Larry Elliott is one of the very few reasoned Brexiteers I know and respect for their opinion. He explained much of his reasoning in the Guardian yesterday, saying:
Labour’s current contortions over Brexit are evidence of the tension between these two worldviews. A chunk of the party — the bigger chunk — thinks the only way to counter the excesses of capitalism is at a supra-national EU level. Yet it is hard to square this belief with the 2007 Lisbon treaty, which commits member states to act in accordance with the principle of an open economy with free competition; frowns on state aid; and lays out disciplinary procedures for governments that run excessive deficits.
Larry believes, as some in Labour obviously do, that the answer is to reassert sovereignty over the state outside the EU. He adds, in support of this argument, that:
It is a big — and debilitating — modern myth that the neoliberal revolution of the 1970s and the 1980s weakened the power of the state. What actually happened was that parties of the right refashioned and repurposed the state to undermine the power of labour and strengthen the power of capital.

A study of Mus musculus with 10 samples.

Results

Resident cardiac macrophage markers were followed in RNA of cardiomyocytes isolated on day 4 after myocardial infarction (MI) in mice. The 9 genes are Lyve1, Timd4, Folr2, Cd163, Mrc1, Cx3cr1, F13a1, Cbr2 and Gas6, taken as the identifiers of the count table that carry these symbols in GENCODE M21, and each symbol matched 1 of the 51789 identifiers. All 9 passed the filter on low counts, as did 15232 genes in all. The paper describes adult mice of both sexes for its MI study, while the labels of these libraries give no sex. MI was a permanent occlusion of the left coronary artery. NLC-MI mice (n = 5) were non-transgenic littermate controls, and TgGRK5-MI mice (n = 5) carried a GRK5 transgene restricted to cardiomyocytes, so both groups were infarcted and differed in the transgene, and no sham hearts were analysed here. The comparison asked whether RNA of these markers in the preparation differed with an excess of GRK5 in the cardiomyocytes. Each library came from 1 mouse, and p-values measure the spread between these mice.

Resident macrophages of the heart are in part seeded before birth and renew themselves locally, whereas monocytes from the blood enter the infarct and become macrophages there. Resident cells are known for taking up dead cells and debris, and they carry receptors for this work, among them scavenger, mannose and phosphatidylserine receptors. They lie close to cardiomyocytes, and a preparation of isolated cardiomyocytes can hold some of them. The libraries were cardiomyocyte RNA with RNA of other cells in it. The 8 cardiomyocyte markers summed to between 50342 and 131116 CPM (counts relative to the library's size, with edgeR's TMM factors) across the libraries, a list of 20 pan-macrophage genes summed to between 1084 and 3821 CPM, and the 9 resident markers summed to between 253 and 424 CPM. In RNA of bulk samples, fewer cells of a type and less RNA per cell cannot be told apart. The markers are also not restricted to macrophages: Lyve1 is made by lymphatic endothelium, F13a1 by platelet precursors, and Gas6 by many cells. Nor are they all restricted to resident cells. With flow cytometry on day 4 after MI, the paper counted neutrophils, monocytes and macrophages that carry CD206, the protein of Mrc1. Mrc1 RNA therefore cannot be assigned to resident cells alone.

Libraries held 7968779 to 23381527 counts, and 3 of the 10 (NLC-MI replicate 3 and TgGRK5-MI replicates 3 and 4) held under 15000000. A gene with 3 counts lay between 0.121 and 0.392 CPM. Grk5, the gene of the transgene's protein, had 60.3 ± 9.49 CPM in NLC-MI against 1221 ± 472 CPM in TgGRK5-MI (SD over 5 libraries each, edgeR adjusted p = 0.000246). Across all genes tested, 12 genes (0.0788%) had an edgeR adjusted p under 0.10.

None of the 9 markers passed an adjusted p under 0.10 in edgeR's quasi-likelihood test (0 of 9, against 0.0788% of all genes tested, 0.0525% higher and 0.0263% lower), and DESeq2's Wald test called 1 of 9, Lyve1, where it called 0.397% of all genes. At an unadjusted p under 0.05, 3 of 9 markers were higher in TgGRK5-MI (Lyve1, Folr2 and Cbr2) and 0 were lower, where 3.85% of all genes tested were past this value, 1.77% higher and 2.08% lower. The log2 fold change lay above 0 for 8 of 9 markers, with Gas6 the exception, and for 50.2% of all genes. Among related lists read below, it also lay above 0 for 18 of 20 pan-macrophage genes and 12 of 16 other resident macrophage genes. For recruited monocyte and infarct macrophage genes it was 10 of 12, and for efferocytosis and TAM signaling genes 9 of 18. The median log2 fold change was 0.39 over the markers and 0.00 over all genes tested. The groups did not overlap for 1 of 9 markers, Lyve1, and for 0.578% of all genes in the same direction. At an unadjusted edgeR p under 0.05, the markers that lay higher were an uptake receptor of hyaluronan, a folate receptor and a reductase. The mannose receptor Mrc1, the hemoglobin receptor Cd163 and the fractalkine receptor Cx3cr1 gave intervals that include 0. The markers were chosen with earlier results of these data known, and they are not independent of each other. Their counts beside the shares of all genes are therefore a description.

Larry is right in this: it is a theme I pick up in my blog on inequality today where I argue that the state has been captured to be an agent creating, rather than correcting, inequality.
He is right too to argue that this is based on the Right’s correct perception that the state is still enormously powerful in the economy, and therefore worth fighting to control:
The enduring power of nation states was highlighted in the 2008 financial crisis, when it was only the willingness of governments to wade in with public money and taxpayer guarantees that prevented the entire global banking system from going bust.
So what does Larry suggest?
So here are the options. Parties on the left can carry on believing that capitalism can be tamed at a transnational level, even though all the available evidence is that this is not going to happen. They can seek to use the power of the state for progressive ends, even though this will be strongly resisted. Or they can sit and watch as the predators munch their way through their prey. Even for the predators, this would be a disastrous outcome.
Larry and I are on the same wavelength on that last point: also see my blog today. Maybe this is why we are both members of the Green New Deal Group.
What I do respect is that this is an argument. My question is whether it is viable. In the case of a hard Brexit I very much doubt it, and that remains a possibility. With a soft alternative I think it viable. But if Labour does embrace that then at the very least it has the duty to say so. Larry has set out how to do it. I’d welcome similar clarity from our Opposition.